The Press Newspaper
A small group of individuals from Athens County recently demonstrated that the government process does work. Through their tenacity, Gov. Ted Strickland signed into law a bill they began.
On July 7, the Governor signed Senate Bill 79, which was introduced by Sen. Jimmy Stewart of Athens County. The bill becomes law 90 days after the signing.
The process began more than two years ago when a group of people with developmental disabilities attended the Athens County Board of MRDD, and said they didn’t like being called “retarded.”
Their personal stories touched the board members and then Rep. Stewart so intensely that the board immediately changed its named to Athens County Board of Developmental Disabilities, and Rep. Stewart began the process of changing the Ohio Department of MRDD and all County Boards of MRDD.
“After listening to my constituents, I decided to sponsor this legislation because I knew in my heart it was the right thing to do,” Rep. Stewart said.
In June, both the House of Representatives and the Ohio Senate unanimously passed the bill. The House version of the bill was introduced by Rep. Debbie Phillips and Rep. Deborah Newcomb.
“Every legislator understood that this bill wasn’t about money or politics. It was about the people with developmental disabilities in Ohio and their families,” said Linda Oda, director of communications for the Ohio Association of County Boards of MRDD, which also is expected to be making a name change in the near future.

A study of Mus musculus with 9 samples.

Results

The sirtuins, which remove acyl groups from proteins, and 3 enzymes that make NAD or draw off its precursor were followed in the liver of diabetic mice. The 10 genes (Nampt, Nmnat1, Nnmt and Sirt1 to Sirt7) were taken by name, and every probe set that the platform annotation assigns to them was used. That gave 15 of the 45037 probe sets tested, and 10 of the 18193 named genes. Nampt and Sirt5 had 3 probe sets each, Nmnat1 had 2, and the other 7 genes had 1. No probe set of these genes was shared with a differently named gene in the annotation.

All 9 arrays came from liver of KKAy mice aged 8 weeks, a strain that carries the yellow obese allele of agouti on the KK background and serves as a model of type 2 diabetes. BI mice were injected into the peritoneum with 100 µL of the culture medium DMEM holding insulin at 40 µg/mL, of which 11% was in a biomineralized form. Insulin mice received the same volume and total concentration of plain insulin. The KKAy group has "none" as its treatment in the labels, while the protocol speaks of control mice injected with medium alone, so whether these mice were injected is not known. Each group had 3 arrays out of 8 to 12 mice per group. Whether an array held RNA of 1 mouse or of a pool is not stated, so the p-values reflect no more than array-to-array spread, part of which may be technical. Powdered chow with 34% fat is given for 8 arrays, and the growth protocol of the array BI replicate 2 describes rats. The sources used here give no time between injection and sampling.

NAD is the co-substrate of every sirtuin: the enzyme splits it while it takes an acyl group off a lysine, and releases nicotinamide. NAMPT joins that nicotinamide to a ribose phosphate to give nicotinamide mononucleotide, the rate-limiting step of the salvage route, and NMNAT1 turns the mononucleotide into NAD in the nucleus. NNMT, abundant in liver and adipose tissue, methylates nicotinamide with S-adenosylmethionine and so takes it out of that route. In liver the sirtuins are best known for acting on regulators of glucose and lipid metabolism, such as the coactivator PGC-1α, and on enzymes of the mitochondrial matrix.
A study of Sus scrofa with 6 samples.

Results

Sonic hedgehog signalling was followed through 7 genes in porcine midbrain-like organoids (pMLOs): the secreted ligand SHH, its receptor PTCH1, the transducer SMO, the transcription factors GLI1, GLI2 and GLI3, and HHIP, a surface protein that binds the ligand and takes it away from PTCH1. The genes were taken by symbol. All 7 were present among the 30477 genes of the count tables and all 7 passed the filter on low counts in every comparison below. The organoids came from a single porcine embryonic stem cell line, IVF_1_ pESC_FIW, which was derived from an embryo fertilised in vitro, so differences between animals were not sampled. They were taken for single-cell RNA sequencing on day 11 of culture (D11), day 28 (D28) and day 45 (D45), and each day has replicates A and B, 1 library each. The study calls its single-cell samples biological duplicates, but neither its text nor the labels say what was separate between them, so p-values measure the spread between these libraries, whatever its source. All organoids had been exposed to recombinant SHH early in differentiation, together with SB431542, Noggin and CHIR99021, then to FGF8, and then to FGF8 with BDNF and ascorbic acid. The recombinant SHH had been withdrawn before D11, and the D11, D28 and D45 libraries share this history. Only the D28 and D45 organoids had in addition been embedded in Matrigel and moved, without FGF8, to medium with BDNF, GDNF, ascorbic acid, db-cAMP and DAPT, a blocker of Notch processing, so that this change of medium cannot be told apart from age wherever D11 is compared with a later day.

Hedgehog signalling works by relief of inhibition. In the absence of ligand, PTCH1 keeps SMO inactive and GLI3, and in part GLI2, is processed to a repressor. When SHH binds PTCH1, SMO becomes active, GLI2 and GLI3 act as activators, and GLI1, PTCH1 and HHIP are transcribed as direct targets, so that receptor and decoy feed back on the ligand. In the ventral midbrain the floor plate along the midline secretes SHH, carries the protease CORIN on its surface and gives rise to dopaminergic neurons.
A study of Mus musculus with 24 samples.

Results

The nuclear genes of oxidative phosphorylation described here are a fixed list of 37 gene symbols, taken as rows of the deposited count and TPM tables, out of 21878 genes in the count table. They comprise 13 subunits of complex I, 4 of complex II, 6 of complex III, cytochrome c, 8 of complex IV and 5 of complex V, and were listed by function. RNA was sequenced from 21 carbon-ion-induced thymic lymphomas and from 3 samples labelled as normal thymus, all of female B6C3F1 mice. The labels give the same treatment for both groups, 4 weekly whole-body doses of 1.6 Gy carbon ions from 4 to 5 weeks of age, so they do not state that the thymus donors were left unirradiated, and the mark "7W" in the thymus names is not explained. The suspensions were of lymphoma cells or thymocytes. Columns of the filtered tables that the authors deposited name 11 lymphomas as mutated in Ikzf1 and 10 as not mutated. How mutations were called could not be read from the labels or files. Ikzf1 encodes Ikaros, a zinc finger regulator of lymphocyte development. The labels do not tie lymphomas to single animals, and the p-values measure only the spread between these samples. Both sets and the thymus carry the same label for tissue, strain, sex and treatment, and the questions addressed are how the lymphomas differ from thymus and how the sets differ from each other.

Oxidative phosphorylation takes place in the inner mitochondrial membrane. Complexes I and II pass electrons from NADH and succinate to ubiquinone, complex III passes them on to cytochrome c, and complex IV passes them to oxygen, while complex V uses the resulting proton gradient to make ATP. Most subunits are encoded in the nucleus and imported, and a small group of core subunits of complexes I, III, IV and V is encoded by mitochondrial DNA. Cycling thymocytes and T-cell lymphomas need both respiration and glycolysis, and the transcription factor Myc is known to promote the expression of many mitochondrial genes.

While Athens County took the lead on the statewide change, other county boards broke ground on this issue decades ago. In November 1990, the Delaware County Board of MRDD dropped “mental retardation” from its name and began doing business as a County Board of DD. Just a couple of months later, Fulton County followed suit.
In the past 20 years, nine of Ohio’s 88 counties made the change to doing business as County Boards of DD. State law required that they officially remained County Boards of MRDD, so that is the name voters would recognize on the ballot.
Many other County Boards of MRDD also wanted to drop “mental retardation,” but were prohibited by their prosecutors, who interpreted the Ohio Revised Code in such a way that would not allow County Boards of MRDD to do business under any name other than the state-sanctioned title. That is why a statewide name change was necessary, Oda said.
Oda said the name change is part of the continuing evolution for people with developmental disabilities. “As recently as 40 years ago, it was considered necessary to house our individuals in institutions, leaving many of them naked because it was easier to keep them clean, or putting people with autistic tendencies in cages to keep them from hurting themselves or others,” she said.
“In 1967, our parents said ‘enough’ and County Boards of MRDD were created to provide the services necessary. But even then, it was politically correct for learned people to refer to people with developmental disabilities as imbeciles or idiots,” she said.
Oda said much of the credit for the passage of the bill should be givens not only to the self-advocates of Athens County, but also advocates for the developmentally disabled throughout Ohio. Many were in attendance as legislators voted on the bill.